Last week, the Centers for Medicare and Medicaid Services (CMS) and the Office of Inspector General (OIG) of the Department of Health Human Services (HHS) issued proposed rules to extend waivers that relaxed federal Stark and anti-kickback laws with regard to the donation of electronic health-record (EHR) items and services. The waiver was intended to promote the use of EHR systems.

Under the proposed rule, the Dec. 31, 2013 sunset provisions in the original rules would be extended until Dec. 31, 2016. CMS and OIG have indicated that they are considering a further extension, allowing the waiver to continue through Dec. 31, 2021. Additionally, the proposed rules make two other significant changes. Firstly, the rules update the provision under which EHR software is deemed interoperable.  Donated EHR technology must be “interoperable” as of the date it is donated.  EHR technology will be deemed to be interoperable if it has been certified through an authorization process established by the Office of the National Coordinator for Health Information Technology (ONC) to any edition of the electronic health record certification criteria under the then applicable definition of “Certified EHR.”  Secondly, CMS and OIG are considering the elimination of a requirement in the original rule that EHR is required to have electronic prescribing capabilities to qualify for the waiver.

CMS and OIG are soliciting public comments on other possible amendments to the exception, including limiting the scope of protected donors, and adding or modifying conditions to limit the risk of data and referral lock-in. CMS and OIG have indicated that they are contemplating specifically excluding the following from the list of permissible donors: laboratories, DME suppliers and independent home health agencies. Once the rules have been published in the Federal Register, there will be a 60-day comment period.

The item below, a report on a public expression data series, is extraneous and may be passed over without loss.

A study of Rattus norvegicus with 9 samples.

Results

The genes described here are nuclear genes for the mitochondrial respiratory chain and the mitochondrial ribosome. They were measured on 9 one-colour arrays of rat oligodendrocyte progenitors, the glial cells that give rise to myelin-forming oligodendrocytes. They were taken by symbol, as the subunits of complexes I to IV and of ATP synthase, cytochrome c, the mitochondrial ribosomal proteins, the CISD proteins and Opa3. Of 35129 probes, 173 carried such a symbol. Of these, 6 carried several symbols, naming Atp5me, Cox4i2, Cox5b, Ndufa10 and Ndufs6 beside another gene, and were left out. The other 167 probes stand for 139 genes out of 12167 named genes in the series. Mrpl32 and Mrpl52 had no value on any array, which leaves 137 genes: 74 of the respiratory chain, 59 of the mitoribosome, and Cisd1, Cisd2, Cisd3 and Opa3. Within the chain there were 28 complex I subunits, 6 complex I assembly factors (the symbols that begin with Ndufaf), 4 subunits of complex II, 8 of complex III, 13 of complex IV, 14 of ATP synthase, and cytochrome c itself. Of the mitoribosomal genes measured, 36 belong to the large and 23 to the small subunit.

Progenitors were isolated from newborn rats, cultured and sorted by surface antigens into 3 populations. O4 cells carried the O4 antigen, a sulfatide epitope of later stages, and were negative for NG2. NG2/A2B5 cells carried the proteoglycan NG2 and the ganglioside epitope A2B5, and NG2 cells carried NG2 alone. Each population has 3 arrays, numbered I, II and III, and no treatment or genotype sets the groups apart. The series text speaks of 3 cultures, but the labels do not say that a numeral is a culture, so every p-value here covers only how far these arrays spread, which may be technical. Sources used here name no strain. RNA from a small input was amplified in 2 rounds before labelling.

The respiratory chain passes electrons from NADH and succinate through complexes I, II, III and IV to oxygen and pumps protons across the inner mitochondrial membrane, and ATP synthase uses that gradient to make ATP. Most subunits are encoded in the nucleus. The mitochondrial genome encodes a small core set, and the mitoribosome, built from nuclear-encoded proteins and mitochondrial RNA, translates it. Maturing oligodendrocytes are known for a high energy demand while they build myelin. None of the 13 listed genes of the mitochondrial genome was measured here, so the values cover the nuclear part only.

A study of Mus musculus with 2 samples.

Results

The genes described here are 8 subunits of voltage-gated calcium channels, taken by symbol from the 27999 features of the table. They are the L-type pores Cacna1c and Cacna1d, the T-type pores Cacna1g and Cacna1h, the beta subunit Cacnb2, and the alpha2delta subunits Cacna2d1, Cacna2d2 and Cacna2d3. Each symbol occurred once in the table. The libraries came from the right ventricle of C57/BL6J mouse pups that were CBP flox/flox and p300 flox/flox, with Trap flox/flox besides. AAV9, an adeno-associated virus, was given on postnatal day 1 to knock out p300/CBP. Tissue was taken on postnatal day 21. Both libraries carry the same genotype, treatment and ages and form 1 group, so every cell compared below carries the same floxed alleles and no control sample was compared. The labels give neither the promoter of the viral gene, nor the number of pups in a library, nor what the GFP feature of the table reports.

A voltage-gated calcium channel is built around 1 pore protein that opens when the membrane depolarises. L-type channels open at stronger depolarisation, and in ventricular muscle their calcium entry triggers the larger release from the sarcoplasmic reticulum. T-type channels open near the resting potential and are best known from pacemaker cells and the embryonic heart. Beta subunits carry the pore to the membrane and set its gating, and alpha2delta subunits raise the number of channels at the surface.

© 2022 BARNES & THORNBURG LLPNational Law Review, Volume III, Number 105

The Barnes & Thornburg Healthcare Department regularly represents physicians, medical groups, managed care organizations, hospitals, nursing homes, and national healthcare-related associations located around the country. Given our healthcare practice, we understand the unique commercial and regulatory environment in which healthcare organizations operate. Our attorneys bring their problem-solving and consensus-building skills to listen carefully to the goals of their clients and recommend practical solutions.